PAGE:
Back in September, we were beyond excited to learn that everyone’s favorite affordable Swedish furniture store had officially teamed up with TaskRabbit. Everyone knows that the worst thing about Ikea is building Ikea furniture, so this acquisition proved super helpful—consider the time-consuming setup of that versatile bookcase, shelf, or chic side table taken care of.
But up until now, the TaskRabbit feature was only available in-store at select Ikea branches in California—namely, Emeryville and East Palo Alto. Instead, previously, Ikea customers could hire a “tasker” via the TaskRabbit app and specially request “Ikea Assembly,” thanks to the brand partnership.
However, as of today, the efficient assembly service has expanded in a major way. It’s available online in select markets, and in six Ikea stores across the US. The rollout has included parts of New York and New Jersey, as well as San Francisco. But that’s just the beginning: Ikea has reported that additional stores will add the service in 2018, including locations like Los Angeles, Miami, Houston, Boston, and Washington DC.
How does it work? Customers will have the option to book a worker through an Ikea employee in-store, once they have purchased the products. During this process, they will receive a quote on how much their product will cost to assemble, and go home knowing their brand new furniture won’t sit in a box for a week, but be set up almost immediately.
Moreover, Ikea has gone ahead and updated its site so that users can check the availability of the TaskRabbit At-Home Assembly service as they shop online, which is determined based on location and product choice.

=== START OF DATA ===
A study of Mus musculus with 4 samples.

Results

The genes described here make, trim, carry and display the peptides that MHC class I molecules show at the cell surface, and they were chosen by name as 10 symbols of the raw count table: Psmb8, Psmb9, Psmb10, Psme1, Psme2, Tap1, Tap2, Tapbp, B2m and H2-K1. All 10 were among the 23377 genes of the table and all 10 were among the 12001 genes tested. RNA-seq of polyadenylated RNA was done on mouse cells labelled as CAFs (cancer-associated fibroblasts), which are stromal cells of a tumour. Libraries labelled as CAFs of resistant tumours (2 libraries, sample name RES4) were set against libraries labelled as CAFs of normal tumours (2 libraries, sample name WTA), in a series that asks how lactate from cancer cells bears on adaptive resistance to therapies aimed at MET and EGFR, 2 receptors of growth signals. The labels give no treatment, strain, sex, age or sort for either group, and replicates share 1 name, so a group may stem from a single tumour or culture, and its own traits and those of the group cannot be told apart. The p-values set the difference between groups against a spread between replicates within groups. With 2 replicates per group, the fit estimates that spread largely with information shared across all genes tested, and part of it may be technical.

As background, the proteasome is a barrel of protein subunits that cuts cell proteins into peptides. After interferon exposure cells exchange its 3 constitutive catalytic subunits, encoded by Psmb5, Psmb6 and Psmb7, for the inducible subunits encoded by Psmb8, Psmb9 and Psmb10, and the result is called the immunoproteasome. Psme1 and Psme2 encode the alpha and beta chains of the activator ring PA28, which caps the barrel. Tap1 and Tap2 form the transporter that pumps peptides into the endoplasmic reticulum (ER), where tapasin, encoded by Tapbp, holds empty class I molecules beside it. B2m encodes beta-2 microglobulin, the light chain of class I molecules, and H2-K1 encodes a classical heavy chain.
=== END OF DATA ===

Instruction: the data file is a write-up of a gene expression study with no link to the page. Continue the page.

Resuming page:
Before the acquisition of TaskRabbit, certain US Ikea stores provided independent workers to assemble goods—but the soon-to-be national rollout will exponentially increase the assembly option. And as for the price of convenience? Much like Ikea’s existing deal with the UK, the pricing will be based on a flat rate per item type, starting at $36.
This deal is one of Ikea’s first steps toward expanding outside of the home goods market and getting deeper into the tech world—likely trying to join the ranks of Amazon, which recently decided to try its hand at restaurant delivery.
“The purchase of TaskRabbit was fueled by Ikea’s need to bolster its digital customer service capabilities to better compete with rivals like Amazon, which has stepped up its home goods and installation offerings,” Recode reports. “The purchase is Ikea’s first step into the on-demand platform space.” The brand has also recently launched an augmented reality app.
While it’s unknown how much Ikea paid for the startup—which itself raised roughly $50 million since it was founded in 2008—one thing is clear: You will never have to deal with Ikea’s furniture assembling guidelines ever again.
Originally published September 2017. Updated with new information March 2018.